For both street and track riders, the ability to turn quickly is an important skill. On the race track, that skill will allow you to go through chicanes at a higher speed. On the street, turning quickly can mean the difference between avoiding an obstacle or not.
Those changes in direction are a direct result of how quickly you can change lean angle; in the case of a chicane, you must be able to go from full lean in one direction to full lean in the other in one, smooth, fast motion – as I discussed in my last blog (click here). How quickly that change in lean angle occurs is dependent on a number of factors, but typically, a rider can go from full lean to full lean in about 1.5 seconds. The average roll rate in that case is approximately 60 degrees per second.
In his book Motorcycle Handling and Chassis Design: The Art and Science author Tony Foale uses computer simulations to show some of the physics behind roll rate and those contributing factors. Foale’s conclusion is that while countersteering is the most effective way to turn the motorcycle, body steering can also be used to change lean angle and direction. I have always maintained that, even though body steering may not be as effective as countersteering, they should both be used together for the best result.
Most riders are familiar with countersteering – turning the bars in the opposite direction of the turn – and body steering works in a similar manner. You must move your body opposite to the direction of the turn to lean the motorcycle into the turn. But changing direction quickly is not a matter of pulling and pushing on the bars or throwing your body around as much as you can.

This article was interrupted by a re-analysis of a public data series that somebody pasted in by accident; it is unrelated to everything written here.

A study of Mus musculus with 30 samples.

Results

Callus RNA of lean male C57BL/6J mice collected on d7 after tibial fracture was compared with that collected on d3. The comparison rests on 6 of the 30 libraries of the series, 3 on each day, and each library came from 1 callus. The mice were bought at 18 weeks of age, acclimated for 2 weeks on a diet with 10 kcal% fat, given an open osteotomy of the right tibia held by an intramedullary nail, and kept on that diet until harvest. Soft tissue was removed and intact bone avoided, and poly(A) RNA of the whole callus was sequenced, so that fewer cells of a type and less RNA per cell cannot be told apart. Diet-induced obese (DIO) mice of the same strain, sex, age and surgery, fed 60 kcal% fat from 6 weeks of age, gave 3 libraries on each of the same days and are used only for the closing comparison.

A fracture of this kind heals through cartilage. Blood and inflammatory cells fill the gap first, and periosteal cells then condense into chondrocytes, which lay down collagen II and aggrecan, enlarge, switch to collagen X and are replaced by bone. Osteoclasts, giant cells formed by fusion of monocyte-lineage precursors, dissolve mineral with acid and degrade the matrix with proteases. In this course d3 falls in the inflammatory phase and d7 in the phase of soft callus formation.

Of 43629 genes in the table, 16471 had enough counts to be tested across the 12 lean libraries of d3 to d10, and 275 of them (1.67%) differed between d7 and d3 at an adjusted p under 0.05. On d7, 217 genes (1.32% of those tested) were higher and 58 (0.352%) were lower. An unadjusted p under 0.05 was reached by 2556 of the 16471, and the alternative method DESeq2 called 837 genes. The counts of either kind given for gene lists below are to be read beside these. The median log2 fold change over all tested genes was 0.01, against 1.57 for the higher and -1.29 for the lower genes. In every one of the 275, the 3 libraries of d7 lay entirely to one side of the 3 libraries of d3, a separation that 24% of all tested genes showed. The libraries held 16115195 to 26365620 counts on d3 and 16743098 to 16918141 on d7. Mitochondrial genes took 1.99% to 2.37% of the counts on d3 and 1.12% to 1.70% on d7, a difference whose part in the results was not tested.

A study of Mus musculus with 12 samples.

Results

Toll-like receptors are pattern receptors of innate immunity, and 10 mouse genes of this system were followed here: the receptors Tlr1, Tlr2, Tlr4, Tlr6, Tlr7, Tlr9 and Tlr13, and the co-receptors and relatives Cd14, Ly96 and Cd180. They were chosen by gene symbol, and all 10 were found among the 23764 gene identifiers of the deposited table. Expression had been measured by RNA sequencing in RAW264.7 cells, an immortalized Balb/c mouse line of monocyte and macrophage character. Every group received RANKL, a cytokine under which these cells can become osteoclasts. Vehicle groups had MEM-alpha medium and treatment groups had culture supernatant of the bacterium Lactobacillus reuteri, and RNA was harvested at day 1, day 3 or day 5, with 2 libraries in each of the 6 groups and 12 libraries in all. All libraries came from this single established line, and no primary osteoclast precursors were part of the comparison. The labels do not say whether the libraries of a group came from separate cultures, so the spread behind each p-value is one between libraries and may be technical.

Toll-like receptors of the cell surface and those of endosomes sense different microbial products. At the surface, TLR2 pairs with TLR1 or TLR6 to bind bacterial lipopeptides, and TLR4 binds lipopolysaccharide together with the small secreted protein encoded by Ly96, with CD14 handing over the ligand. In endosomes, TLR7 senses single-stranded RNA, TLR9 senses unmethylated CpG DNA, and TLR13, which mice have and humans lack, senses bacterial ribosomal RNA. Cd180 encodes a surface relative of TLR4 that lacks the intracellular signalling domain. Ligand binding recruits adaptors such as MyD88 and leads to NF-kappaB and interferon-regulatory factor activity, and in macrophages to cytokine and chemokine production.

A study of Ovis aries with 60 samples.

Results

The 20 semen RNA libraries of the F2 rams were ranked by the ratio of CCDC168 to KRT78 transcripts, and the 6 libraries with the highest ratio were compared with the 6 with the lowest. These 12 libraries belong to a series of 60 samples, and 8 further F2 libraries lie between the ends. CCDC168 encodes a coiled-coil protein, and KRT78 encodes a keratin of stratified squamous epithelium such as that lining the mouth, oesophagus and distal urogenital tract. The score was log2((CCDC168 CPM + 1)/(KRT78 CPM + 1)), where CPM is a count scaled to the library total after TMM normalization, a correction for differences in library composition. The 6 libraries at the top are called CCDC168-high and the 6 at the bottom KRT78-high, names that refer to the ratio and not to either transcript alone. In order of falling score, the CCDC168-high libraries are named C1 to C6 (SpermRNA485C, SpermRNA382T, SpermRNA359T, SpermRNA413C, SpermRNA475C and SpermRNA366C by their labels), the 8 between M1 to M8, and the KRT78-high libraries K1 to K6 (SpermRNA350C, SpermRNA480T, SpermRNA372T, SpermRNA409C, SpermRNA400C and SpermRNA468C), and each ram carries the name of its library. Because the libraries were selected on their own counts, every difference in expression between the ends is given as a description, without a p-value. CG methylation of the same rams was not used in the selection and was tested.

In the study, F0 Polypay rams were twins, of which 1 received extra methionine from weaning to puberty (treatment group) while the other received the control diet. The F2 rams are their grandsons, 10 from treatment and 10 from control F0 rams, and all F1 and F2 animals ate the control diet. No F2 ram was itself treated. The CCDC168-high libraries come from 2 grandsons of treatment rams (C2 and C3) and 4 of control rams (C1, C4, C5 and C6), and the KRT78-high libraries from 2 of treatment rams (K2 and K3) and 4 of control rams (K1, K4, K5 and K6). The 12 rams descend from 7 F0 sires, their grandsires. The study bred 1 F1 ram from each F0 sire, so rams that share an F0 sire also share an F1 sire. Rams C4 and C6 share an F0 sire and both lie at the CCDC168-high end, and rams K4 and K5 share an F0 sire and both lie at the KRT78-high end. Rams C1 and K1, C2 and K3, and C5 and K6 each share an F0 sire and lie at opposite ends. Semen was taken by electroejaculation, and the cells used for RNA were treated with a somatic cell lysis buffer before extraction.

The above graph shows data for the same chicane sequence I used as an example in my last blog. Here, speed is shown in black and lean angle in red, as before, but added is roll rate in blue. Note that the roll rate is not constant when the motorcycle is being turned. When the turn is initiated, roll rate gradually increases to a maximum. You must provide the input for this increase, either through body steering or countersteering. Here, the more aggressive your inputs, the quicker roll rate will increase and the faster the motorcycle will turn.
At the midpoint of the turn – when the bike is vertical and lean angle is zero degrees in a chicane – roll rate is at a maximum. From here, however, roll rate decreases and the motorcycle must turn at a slower rate. At some point, you physically have to stop the motorcycle from turning – unless you want to steer right into the ground – and this requires a change in steering input. This can be accomplished either by steering in the opposite direction to the initial input (steering into the corner, or counter-countersteering) or moving your body in the direction of the turn.
There are physical limitations to how quickly the motorcycle can be turned. Tire friction is one factor; you can literally slide the front tire out from under the motorcycle if your countersteering input is too aggressive. The motorcycle’s polar moment of inertia – how its mass is centralized around the roll axis – plays a more important role than its actual mass, and a heavy bike can potentially be steered just as quickly as a lighter bike, although it may take considerably more effort. Some of the highest numbers for roll rate I have seen are from a Harley-Davidson XR1200 racebike. You can also reduce the polar moment of inertia by keeping your head and chest down close to the motorcycle in a chicane.
Raising your bike on its suspension increases the leverage that the tire has to rotate the motorcycle about its roll axis, in a similar manner to how you can use a longer wrench to loosen a stuck bolt. This does affect other aspects of performance, and there are diminishing returns, but increasing ride height generally makes the motorcycle steer quicker.
Foale takes many pages and diagrams to thoroughly explain the physics and the action involved. Luckily, we learn all this in our subconscious from the moment we begin riding bicycles or shuffling our small red wagons around by moving our weight forward and rearward. That said, understanding what has to happen for a quick turn to happen can help you improve that aspect of your riding technique, and practice and experimentation is key to that improvement.